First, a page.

Voters will deliver another verdict on whether a moderate Democrat can survive in a red Trump state when they go to the polls Saturday in Louisiana’s run-off race for governor.
“When you’re a Southern Democrat, you’re fully aware that things might not work out,” said Democratic strategist James Carville. “But in this instance, I’d rather be us than them.”
“Us” for Carville, the “ragin’ Cajun,” is Democrat John Bel Edwards, running for re-election against Republican businessman Eddie Rispone. Democrats are hoping for a second big win in a red state ten days after Democratic challenger Andy Beshear won the governor’s race in Kentucky.
“If John Bel wins, the one big story is impeachment at worst is a wash,” says Carville. “If it was bad for the Democrats, we would have picked that up in Kentucky. We’re not getting any indication there is a backlash.”
That would be different than in the elections that followed the contentious Senate vote to confirm Supreme Court Justice Brett Kavanaugh, when a backlash hurt Democrats.
“I saw it after Kavanaugh, I felt it after Kavanaugh,” Carville says, but now “I would rather be a House Democrat than a Senate Republican. Let the Senate stew,” he says.
What Carville will be watching for on Saturday is whether Edwards can hold the 34 percent share of the white vote that is critical to victory. Edwards, a graduate of West Point and an Army veteran, is as conservative on social issues as any Republican. He signed an abortion law that is one of the toughest in the nation, banning the procedure as early as six weeks. He cites his Catholic faith as a centerpiece in his life and politics. He’s a Second Amendment enthusiast, and his supporters worry that a Saturday vote competes with a day of hunting.
“He likes to tout how many times he’s been to the White House,” says Louisiana pollster John Couvillon. That’s up to nine times, including a state dinner last year.
“Edwards is not portraying himself as an enemy of the president,” Couvillon told the Daily Beast. “He doesn’t want to give partisans an extra reason to vote against him.”
What Couvillon will be looking for on Saturday is the strength of black turnout. On Election Day last month, 974,000 voters went to the polls in the state’s “jungle primary,” in which all candidates are on the same ballot, regardless of party, with the top two then facing off if no one tops 50 percent. He expects turnout on Election Day to increase by 50,000 to 100,000 in the runoff.
Early voting was up substantially in the runoff. In the October vote, there were 386,000 early or absentee ballots. Of those voters, 25 percent were black, and 41 percent were Republican. (Overall, 31 percent of Louisianans are black, and 31 percent of the electorate is Republican, which some overlap between those groups).
In the runoff, there were 498,000 early voters as of Wednesday night—an increase of 112,000 from October. Of those early voters, Couvillon identified 60,000 new voters, who hadn’t turned out in October. Forty-one percent of those new voters, he said, are black, and 29 percent are Republican—meaning the group is much blacker and less Republican than the overall electorate, “much like the Obama phenomenon.” Under Louisiana law, voters identify their race when they cast their ballot.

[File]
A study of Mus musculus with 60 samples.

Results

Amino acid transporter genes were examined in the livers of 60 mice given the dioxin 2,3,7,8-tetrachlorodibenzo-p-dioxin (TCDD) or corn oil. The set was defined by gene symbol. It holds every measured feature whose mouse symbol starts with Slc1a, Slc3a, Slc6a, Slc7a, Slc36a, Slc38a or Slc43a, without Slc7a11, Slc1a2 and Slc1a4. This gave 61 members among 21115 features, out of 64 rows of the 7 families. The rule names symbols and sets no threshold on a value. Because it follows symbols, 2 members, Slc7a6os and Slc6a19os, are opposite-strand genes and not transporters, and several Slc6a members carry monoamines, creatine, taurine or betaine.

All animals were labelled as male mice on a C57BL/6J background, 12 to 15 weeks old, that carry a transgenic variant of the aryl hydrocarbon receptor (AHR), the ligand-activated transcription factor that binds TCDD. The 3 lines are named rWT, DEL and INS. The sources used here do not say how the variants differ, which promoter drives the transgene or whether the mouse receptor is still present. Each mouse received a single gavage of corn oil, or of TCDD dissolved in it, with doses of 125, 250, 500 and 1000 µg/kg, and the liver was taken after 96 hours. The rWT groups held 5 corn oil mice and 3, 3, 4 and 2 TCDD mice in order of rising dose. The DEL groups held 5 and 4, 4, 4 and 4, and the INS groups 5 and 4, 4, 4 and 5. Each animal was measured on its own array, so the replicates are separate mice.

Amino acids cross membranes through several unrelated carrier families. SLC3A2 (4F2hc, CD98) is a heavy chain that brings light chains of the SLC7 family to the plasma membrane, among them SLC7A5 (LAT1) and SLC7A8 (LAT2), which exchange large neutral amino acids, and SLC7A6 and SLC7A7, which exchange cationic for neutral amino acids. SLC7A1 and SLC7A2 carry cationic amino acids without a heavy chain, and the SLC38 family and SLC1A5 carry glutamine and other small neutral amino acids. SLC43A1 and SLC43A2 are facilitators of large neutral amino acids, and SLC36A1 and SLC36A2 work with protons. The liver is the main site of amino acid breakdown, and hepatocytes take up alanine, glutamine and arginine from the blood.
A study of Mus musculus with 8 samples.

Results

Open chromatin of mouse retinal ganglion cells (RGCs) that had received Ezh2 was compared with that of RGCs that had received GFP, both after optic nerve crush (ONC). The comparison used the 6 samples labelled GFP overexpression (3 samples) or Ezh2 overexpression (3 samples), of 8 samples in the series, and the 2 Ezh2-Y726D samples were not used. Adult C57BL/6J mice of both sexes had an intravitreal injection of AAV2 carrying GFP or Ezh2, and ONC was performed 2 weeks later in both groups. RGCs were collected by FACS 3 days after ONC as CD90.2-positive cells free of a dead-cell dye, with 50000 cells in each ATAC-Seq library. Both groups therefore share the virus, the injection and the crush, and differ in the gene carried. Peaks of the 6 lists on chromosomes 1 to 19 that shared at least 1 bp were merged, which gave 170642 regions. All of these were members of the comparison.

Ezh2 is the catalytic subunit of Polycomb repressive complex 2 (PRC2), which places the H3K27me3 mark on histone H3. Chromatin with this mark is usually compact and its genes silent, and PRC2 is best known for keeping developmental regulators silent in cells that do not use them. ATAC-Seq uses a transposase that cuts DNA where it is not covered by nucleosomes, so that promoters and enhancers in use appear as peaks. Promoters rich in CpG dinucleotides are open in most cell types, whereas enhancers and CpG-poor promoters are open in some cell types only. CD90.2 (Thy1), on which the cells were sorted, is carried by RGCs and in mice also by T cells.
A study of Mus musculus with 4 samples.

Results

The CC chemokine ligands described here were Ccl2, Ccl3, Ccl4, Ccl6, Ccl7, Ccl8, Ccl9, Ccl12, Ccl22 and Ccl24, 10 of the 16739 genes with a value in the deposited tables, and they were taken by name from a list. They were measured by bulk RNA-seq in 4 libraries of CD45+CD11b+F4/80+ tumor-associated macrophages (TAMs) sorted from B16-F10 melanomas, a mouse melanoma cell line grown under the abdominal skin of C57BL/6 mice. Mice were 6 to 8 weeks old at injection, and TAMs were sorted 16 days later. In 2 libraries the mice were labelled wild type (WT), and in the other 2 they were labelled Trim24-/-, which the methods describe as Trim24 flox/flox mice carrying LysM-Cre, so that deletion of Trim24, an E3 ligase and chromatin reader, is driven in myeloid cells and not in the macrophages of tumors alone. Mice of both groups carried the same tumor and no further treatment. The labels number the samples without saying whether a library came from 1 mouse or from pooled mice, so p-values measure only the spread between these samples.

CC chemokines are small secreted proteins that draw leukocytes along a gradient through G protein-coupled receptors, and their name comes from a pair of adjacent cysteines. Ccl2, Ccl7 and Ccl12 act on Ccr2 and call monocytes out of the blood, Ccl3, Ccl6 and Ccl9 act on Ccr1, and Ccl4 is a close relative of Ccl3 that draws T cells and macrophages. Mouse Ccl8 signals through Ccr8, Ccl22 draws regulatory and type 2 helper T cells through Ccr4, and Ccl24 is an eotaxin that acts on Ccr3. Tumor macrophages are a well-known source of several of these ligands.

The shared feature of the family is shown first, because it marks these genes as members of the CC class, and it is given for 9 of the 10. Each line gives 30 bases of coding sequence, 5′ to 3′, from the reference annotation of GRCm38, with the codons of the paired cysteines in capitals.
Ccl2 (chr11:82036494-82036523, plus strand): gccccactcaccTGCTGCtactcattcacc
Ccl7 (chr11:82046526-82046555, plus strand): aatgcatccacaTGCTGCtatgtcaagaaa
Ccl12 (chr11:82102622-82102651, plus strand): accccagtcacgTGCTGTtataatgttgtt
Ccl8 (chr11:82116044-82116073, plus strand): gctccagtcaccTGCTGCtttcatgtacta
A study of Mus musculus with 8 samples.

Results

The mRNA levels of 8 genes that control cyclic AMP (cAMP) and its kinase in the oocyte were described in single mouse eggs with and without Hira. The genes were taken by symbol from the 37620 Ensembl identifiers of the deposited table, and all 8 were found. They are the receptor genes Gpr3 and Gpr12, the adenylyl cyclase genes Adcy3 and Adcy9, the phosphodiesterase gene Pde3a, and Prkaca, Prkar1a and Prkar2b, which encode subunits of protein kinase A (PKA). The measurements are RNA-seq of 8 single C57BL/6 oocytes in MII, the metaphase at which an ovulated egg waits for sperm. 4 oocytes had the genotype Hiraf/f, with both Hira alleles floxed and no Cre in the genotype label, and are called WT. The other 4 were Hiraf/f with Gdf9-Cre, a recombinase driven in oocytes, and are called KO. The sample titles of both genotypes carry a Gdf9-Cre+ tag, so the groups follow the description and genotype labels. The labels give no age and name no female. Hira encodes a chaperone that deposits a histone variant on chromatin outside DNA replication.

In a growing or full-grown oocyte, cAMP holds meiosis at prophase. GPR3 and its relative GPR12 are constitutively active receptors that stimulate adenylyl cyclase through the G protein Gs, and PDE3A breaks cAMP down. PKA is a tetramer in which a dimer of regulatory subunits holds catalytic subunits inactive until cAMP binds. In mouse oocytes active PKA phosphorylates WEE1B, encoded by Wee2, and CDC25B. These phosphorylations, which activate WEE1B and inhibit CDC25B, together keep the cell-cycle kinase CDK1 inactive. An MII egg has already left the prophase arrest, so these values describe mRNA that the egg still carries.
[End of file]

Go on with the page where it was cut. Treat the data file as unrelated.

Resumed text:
“You have this group of 60,000 that showed up out of nowhere,” he says, “and they’re much more Democrat-friendly. Republicans think Democrats are just getting them to the polls a week early. My thinking is that Democrats expanded the pie.”
That, of course, is the dream of Democrats—that anger about Trump has brought new voters into their fold. That tale will be told on Saturday.
The other factor impacting the vote is dissension in the Republican camp. The October primary included, along with Edwards and Rispone, Republican House member Ralph Abraham.
Rispone went after Abraham hammer and tongs for his high absentee rate for congressional votes, which was fair, but he also accused him of being disloyal to Trump and voting with Nancy Pelosi against Trump’s wall. The bad blood in the party boiled over and Abraham’s son-in-law contributed $5,000 to the Edwards campaign.
In a tight election, Rispone can’t afford any defections. Trump’s rally in Shreveport Thursday night was his second in the state in recent weeks, and at the first one, while Abraham was still on the ballot, the two GOP contenders didn’t appear on the stage at the same time. There’s no real love for Rispone in the party.
“His unabashed allegiance to Trump is the only thing that keeps Abraham in the game,” says Couvillon, who describes Rispone as a Louisiana version of Sheldon Adelson, someone who gives a lot of money to conservative causes and who has ran a “thoroughly mediocre campaign and he had $12 million to spend.”
If Edwards wins, it would be the second example this month of a Democrat triumphing in a red state. Larry Sabato, founder and director of the Center for Politics at the University of Virginia, has the race leaning Democrat.
“We don’t know of any poll that has Rispone up,” he told the Daily Beast, while noting that the race remains too close to call. While Trump’s 11th hour visit to Kentucky failed to elect Bevins, Sabato says Bevins—who finally conceded Thursday—would have lost by more without it.
In Louisiana, says Sabato, “the big question is Trump’s election eve rally. He might be able to pull Rispone across the finish line.”